Governor Brown Signs 3 #WomensPolicyInstitute Bills

Governor Brown Signs 3 #WomensPolicyInstitute Bills


“Public policy is a powerful means to solving social problems, and we are honored to work with a diverse group of advocates to move forward policy change that will improve the lives of all Californians,” said Surina Khan, Chief Executive Officer at the Women’s Foundation of California. “At a difficult time for our democracy, and women’s rights especially, the far-reaching results our Women’s Policy Institute fellows have achieved will increase the health, safety and economic wellbeing of communities in our state.”

The Women’s Policy Institute, the Foundation’s leadership and public policy training program, amplifies the voices of women and transgender people in policymaking and provides them with hands-on experience in navigating the complex legislative process. Beyond capacity building and leadership development, the Women’s Policy Institute also serves as a trusted ally and strategic connector across the state, helping to build coalitions and create a comprehensive policy agenda to empower and serve low-income communities, immigrant communities, and communities of color. The year-long program brings together women and transgender people of diverse backgrounds and experiences to work in teams to implement important legislative projects.

“The Women’s Policy Institute has been an invaluable partner for many of us serving our communities from Sacramento,” said Senator Holly J. Mitchell. “Women and trans people are important leaders in our state. Through the Institute, the Women’s Foundation of California has transformed the lives of hundreds of thousands by harnessing and refining the power of this leadership and driving policy change that increases opportunity and security for our communities.”

Since 2003, 32 of the policy projects from Women’s Policy Institute-State fellows have been signed into law. In 2017, Women’s Policy Institute teams introduced important legislation to make possible a California where low-income communities, immigrant communities, and communities of color are economically secure and can thrive. Governor Brown signed three of these bills this year:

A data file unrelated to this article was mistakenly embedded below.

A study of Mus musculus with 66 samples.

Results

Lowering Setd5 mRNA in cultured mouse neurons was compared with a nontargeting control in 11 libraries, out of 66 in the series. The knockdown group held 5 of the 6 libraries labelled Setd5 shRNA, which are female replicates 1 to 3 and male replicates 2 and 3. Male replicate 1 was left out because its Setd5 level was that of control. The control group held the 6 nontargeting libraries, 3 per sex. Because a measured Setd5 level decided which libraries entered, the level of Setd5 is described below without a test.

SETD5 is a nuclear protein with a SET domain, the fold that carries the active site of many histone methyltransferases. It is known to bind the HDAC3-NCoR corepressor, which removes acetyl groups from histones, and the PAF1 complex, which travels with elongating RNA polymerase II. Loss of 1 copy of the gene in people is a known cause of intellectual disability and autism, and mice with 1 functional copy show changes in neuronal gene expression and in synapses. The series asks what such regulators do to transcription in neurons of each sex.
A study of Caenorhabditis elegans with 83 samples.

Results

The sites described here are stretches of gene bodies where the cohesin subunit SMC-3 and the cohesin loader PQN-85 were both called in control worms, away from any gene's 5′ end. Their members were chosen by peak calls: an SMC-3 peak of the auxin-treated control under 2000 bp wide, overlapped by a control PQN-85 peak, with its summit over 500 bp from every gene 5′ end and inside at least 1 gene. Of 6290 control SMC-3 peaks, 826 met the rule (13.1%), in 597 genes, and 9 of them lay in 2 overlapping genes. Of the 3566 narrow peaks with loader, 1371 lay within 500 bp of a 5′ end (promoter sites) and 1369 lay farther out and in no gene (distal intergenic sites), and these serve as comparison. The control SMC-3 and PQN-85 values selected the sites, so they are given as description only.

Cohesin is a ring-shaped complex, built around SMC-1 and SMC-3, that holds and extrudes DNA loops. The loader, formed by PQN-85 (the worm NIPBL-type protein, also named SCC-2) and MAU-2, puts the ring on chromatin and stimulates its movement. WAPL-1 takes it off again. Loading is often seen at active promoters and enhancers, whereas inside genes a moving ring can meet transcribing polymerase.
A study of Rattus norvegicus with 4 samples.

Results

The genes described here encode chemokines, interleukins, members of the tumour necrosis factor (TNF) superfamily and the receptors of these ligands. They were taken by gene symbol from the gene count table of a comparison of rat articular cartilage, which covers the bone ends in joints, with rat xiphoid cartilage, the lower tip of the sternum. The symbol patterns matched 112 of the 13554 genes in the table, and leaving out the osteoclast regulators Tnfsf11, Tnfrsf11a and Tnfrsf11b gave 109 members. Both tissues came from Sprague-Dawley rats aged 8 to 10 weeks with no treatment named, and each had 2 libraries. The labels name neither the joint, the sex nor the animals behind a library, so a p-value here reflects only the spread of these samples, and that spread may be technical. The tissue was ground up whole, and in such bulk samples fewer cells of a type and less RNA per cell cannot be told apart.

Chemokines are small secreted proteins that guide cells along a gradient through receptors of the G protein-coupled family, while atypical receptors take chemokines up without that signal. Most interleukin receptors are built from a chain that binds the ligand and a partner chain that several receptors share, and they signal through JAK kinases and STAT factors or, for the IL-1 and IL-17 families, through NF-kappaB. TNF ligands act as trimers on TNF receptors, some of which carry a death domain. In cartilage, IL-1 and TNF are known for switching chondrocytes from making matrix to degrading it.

Assembly Bill 523: The Equity in Clean Energy Investments Act, authored by Assemblymember Eloise Gómez Reyes, allocates 35 percent of California’s renewable energy fund to projects located in and benefitting disadvantaged and low-income communities.

Assembly Bill 273: Unlocking Opportunities for Families, authored by Assemblymember Cecilia Aguiar-Curry, increases access to opportunities for families across the state by allowing parents to qualify for subsidized child care during the time they take English as a Second Language and High School Equivalency courses. This eligibility is currently being unevenly enforced throughout the state.

Senate Bill 310: Name and Dignity Act for Incarcerated Trans People, authored by Senator Toni Atkins, makes it easier for incarcerated trans people to petition for a legal name and/or gender marker change. As the first piece of legislation written by currently and formerly incarcerated transgender people, the passage of the Name and Dignity Act is a historic victory for transgender people’s rights in California.

“The Women’s Policy Institute fellowship is a brilliant and proven method for developing the necessary experience to move policy that effectively addresses the issues that bar communities in California from thriving,” said Mike Herald, director of policy advocacy at the Western Center on Law and Poverty and Women’s Policy Institute Mentor. “The significant wins coming from this group of powerful community-based leaders during and after the Institute is a testament not just to the perseverance of these advocates but also to the efficacy of the Women’s Policy Institute training model.”